OSHA has just announced a compliance Directive on “Inspection Procedures for the Hazard Communication Standard,” CPL 02-02-079 (July 9, 2015).

We had previously blogged that June 1, 2015 was the deadline for compliance with the all new hazardous communication (HazCom) standard (29 CFR section 1910.1200) (HCS 2012) requirements, with exceptions for chemical distributors, and for employers to update workplace labeling and hazard communication programs. 77 Fed. Reg. 17574 (March 26, 2012). Also, earlier this year OSHA had issued an Enforcement Guidance on the June 1, 2015 effective date. The Enforcement Guidance applied only to HCS 2012 compliance inspections of chemical manufacturers, importers, and distributors in their classification of hazardous chemicals and development of safety data sheets (SDSs) and labels for chemical mixtures.

This new Directive outlines revisions to the HCS, including the revised hazard classification of chemicals, standardizing label elements for containers of hazardous chemicals, and specifying the format and required content for safety data sheets. According to OSHA, it explains “how the revised standard is to be enforced during its transition period and after the standard is fully implemented on June 1, 2016.”

Notably, the Directive provides OSHA inspectors with a useful appendix (“J”) on “Other Standards to Consider When Citing Chemical Exposures with No PEL”. This provision has been an issue over the last couple of years as OSHA seeks to work around the regulatory process needed to establish more stringent permissible exposure limits (PELs) – so that it may regulate the unregulated. We previously blogged about the Agency’s “Annotated Permissible Exposure Limits and Chemical Toolkit,” through which OSHA “recommended” that employers “voluntarily” comply with lower chemical permissible exposure limits (PELs) than those that currently existed in the OSHA regulations.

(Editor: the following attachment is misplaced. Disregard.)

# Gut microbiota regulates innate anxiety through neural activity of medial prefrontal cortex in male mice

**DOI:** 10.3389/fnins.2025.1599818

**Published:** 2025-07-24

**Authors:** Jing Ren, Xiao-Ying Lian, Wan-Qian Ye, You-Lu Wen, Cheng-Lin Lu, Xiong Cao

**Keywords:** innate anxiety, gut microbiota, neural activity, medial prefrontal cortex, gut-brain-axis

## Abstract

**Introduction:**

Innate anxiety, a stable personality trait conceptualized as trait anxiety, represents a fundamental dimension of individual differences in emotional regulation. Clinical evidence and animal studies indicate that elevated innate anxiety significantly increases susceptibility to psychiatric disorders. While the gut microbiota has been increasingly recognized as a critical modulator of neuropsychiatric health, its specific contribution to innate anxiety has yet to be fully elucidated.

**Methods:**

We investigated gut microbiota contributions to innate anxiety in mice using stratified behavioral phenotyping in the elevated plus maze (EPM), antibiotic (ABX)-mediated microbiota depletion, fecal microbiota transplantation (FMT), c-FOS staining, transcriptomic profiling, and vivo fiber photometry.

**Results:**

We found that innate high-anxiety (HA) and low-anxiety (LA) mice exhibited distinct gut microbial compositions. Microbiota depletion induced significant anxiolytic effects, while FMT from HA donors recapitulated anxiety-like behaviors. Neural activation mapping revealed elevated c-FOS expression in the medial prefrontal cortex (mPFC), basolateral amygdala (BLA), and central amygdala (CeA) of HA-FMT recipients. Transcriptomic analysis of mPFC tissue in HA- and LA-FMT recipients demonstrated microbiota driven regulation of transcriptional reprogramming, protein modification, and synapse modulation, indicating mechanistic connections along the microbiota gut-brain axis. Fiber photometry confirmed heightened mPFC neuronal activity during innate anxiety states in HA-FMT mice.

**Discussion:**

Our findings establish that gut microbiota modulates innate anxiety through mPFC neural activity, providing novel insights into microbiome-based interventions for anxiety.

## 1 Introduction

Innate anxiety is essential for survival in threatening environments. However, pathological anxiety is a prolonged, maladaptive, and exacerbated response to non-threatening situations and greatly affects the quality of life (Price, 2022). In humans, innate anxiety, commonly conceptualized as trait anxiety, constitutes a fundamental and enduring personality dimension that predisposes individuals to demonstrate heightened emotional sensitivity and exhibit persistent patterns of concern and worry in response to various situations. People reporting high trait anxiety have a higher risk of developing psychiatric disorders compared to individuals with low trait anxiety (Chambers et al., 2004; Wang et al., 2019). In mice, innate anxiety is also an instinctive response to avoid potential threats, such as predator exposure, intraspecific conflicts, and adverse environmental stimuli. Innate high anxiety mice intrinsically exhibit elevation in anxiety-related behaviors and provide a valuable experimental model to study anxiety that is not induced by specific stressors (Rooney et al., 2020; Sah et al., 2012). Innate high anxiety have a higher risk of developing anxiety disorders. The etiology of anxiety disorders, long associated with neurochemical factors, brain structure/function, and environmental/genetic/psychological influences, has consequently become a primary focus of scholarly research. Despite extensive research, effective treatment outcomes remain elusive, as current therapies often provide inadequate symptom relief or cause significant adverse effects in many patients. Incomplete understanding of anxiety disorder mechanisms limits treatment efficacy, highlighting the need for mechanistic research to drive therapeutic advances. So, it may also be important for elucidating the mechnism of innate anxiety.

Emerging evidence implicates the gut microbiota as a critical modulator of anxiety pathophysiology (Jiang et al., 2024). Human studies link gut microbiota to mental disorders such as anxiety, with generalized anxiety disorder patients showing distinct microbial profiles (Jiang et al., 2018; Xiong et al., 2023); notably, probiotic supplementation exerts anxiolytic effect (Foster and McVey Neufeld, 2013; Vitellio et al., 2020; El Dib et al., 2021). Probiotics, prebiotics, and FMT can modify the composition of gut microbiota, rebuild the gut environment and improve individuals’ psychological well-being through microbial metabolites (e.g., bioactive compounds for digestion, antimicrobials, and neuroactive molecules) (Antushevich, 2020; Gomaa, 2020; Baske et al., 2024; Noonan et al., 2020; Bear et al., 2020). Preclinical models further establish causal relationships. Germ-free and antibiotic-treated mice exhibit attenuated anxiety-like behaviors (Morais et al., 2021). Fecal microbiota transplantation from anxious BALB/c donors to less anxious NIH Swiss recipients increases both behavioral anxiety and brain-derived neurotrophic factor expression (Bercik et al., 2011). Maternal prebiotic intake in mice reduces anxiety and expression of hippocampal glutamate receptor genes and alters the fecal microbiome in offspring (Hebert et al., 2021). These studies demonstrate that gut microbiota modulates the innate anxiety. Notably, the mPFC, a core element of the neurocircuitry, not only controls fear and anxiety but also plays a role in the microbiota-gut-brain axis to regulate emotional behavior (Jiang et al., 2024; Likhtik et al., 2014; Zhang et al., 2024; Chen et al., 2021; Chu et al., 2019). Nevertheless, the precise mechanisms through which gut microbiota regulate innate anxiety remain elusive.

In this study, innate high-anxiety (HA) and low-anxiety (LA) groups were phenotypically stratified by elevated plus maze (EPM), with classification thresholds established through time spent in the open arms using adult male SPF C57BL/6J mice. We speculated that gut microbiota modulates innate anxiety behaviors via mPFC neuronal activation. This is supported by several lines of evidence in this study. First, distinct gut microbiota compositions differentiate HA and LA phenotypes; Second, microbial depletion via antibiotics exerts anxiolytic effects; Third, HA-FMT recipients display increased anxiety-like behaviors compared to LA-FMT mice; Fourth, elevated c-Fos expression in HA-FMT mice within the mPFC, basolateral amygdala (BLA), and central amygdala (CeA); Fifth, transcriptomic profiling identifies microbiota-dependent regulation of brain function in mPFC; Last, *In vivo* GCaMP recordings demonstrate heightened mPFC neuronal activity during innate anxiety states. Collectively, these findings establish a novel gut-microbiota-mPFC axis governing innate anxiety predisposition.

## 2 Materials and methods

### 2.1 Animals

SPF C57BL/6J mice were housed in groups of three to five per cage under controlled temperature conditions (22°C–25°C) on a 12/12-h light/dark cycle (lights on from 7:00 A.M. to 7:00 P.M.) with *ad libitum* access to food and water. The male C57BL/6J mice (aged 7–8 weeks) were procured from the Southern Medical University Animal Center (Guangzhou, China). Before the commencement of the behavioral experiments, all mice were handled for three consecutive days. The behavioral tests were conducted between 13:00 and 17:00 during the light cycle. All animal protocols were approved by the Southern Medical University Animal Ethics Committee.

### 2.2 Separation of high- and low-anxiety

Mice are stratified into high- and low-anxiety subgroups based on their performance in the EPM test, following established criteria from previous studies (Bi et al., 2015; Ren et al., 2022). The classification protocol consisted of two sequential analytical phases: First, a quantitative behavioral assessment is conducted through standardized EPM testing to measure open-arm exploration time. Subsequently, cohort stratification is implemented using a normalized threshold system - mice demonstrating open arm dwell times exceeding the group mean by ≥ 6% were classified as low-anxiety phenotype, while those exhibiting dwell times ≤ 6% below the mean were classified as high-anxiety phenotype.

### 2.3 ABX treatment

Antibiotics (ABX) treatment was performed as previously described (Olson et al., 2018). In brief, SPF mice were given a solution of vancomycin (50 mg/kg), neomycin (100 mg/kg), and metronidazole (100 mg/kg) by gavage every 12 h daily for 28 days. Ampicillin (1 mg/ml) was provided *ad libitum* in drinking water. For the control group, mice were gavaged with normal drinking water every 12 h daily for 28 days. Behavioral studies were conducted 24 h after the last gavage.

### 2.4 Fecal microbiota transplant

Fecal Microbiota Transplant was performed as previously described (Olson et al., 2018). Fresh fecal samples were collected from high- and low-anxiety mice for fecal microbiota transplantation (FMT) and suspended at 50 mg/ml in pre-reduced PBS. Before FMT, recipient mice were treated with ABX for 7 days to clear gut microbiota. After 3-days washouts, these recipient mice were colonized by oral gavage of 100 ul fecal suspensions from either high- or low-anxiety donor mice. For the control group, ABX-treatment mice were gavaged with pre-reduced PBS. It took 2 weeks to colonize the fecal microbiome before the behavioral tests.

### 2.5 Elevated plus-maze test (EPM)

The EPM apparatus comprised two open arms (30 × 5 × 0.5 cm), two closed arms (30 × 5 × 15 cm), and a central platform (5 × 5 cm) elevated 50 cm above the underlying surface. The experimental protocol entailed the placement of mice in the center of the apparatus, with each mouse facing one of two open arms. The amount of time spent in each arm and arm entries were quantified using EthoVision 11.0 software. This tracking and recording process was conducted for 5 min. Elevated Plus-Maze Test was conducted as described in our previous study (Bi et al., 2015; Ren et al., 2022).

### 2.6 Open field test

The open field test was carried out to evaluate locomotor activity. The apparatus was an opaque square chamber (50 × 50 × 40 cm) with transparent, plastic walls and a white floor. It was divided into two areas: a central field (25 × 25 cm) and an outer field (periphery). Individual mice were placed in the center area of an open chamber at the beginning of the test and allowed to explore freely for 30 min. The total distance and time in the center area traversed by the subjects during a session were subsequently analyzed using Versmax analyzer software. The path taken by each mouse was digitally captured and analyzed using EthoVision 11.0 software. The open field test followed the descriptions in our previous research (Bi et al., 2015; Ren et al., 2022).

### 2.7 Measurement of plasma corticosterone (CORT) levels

In the Directive OSHA also clarified its position relating to consumer products:

It is the Agency’s policy not to issue citations for consumer products unless the [inspector] can document that the product was used in the workplace in a manner not intended by the manufacturer or the frequency and duration of use results in exposures that are significantly greater than those experienced by a normal consumer. Citations may only be issued in cases where the [inspector] can document that the use falls outside of the 1910.1200(b)(6)(ix) exemption.

Emphasis in the original.

Employers are encouraged to look closely at their HCS policies, procedures, and training programs to ensure compliance with this new Agency Directive.